DTUA Templates and Tools

All resources are periodically reviewed and updated by the Data Stewardship Subcommittee with the effort and support of its various working groups, with input from the FDP membership. Revised versions are posted to this page as needed. Subscribe to the FDP Data Stewardship listserv to stay informed of changes, information, and updates.

DTUA Working Group History and Purpose

The DTUA templates and samples were created to increase consistency in terms and format of DTUAs, thus reducing associated administrative burden and negotiations. These templates and samples currently developed are intended to facilitate the transfer/sharing of research data between U.S.-based nonprofit and/or governmental organizations for research or public health purposes. The DTUA templates/samples are designed to be flexible enough for use in sharing multiple different types of data which may be subject to differing requirements under law and/or regulation.

The original DTUA template was released in 2017 by a working group that included at least one representative from approximately 30 member institutions and 2 individuals from Federal agencies. In the initial drafting stage, the working group reviewed 15 sample DTUAs provided by member institutions and leveraged language and formatting from other widely accepted templates, such as the Universal Biological Material Transfer Agreement (UBMTA) and the FDP Research Subaward Agreement. The initial template was validated with a one-year pilot involving nearly 40 FDP organizations.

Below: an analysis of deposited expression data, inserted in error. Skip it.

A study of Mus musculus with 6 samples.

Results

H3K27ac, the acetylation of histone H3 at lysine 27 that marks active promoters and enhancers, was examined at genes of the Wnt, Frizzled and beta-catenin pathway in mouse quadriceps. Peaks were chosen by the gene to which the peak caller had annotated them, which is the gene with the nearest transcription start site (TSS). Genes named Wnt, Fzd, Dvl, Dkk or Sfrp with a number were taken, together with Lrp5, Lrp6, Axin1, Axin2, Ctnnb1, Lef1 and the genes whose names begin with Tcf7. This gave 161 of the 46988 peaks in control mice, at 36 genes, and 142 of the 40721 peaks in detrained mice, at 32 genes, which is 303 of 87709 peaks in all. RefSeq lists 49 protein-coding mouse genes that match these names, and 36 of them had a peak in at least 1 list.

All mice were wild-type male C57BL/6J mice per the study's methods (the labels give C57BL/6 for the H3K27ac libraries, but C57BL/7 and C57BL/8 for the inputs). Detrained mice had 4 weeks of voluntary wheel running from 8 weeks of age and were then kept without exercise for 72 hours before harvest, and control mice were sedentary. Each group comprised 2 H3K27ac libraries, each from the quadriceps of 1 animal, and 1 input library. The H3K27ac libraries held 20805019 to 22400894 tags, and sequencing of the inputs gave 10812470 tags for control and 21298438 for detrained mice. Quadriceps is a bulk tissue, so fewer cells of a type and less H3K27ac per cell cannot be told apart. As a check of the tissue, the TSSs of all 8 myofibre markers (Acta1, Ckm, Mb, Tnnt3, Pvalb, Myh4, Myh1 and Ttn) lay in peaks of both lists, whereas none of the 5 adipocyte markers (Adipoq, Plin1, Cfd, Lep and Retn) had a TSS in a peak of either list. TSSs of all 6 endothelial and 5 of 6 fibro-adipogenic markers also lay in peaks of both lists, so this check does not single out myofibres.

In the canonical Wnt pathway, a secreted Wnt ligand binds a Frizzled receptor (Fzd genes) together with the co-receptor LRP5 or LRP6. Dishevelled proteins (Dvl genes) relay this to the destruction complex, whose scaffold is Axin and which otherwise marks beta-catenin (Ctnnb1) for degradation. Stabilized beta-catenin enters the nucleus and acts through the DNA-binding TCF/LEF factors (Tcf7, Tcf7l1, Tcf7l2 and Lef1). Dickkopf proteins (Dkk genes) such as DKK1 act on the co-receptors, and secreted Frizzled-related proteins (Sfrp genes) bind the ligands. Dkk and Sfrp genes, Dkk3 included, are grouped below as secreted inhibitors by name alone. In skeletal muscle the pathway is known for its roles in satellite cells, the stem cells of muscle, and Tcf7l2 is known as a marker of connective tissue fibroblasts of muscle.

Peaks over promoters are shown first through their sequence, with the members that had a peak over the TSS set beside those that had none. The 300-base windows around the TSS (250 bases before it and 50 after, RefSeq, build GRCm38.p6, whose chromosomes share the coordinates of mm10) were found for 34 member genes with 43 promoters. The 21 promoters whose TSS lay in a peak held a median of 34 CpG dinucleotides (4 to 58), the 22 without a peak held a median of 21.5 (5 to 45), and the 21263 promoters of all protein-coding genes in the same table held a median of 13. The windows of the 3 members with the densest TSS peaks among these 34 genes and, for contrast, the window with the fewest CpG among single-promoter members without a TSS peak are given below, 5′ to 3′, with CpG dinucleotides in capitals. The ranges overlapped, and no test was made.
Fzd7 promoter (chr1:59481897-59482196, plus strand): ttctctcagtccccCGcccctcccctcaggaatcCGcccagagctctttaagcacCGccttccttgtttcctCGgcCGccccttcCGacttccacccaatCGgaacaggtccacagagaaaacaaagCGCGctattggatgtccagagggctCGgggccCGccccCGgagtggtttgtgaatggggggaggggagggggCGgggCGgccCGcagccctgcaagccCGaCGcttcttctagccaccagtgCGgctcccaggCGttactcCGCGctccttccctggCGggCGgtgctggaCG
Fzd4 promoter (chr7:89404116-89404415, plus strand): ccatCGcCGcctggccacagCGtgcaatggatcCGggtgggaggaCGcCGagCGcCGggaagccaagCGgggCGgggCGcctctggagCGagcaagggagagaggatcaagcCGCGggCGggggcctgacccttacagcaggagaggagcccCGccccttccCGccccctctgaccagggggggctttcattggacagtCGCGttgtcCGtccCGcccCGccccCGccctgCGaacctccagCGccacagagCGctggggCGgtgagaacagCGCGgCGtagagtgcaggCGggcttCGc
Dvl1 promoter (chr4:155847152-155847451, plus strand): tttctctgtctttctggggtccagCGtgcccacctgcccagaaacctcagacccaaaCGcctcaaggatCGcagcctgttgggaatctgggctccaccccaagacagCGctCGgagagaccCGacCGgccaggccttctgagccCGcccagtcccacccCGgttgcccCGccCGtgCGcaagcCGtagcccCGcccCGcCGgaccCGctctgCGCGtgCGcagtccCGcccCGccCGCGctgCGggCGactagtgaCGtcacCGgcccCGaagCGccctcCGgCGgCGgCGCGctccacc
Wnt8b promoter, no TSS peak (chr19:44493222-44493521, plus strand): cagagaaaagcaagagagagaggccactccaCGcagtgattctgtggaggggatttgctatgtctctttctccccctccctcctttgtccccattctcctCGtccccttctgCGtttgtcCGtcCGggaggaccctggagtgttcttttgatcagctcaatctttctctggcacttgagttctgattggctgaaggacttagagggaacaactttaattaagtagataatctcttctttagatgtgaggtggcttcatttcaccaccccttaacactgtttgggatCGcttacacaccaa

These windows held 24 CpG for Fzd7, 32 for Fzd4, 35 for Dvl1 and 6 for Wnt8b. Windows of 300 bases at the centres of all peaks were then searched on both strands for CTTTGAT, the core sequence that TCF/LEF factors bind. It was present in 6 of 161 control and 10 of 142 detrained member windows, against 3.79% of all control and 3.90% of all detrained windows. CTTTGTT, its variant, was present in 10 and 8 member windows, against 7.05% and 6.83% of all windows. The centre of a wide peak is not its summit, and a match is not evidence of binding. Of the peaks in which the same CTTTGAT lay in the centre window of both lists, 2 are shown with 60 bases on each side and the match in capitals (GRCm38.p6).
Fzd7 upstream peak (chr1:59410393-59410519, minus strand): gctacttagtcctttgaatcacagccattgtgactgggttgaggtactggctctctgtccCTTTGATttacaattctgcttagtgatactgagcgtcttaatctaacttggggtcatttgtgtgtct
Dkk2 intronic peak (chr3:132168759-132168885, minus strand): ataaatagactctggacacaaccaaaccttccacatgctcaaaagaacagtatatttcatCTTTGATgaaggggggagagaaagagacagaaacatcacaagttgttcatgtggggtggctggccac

See FAQs and guidance documents below, or contact the Data Transfer and Use Agreement (DTUA) Working Group, a working group within the Data Stewardship Subcommittee, at

The FDP makes no representations or warranties regarding the suitability of these templates and samples for any use. The Data Provider is responsible for ensuring all appropriate terms and conditions are included. These documents are not intended for transfers of materials or transfers of data to for-profit or non-US entities. All parties utilize these documents at their own risk.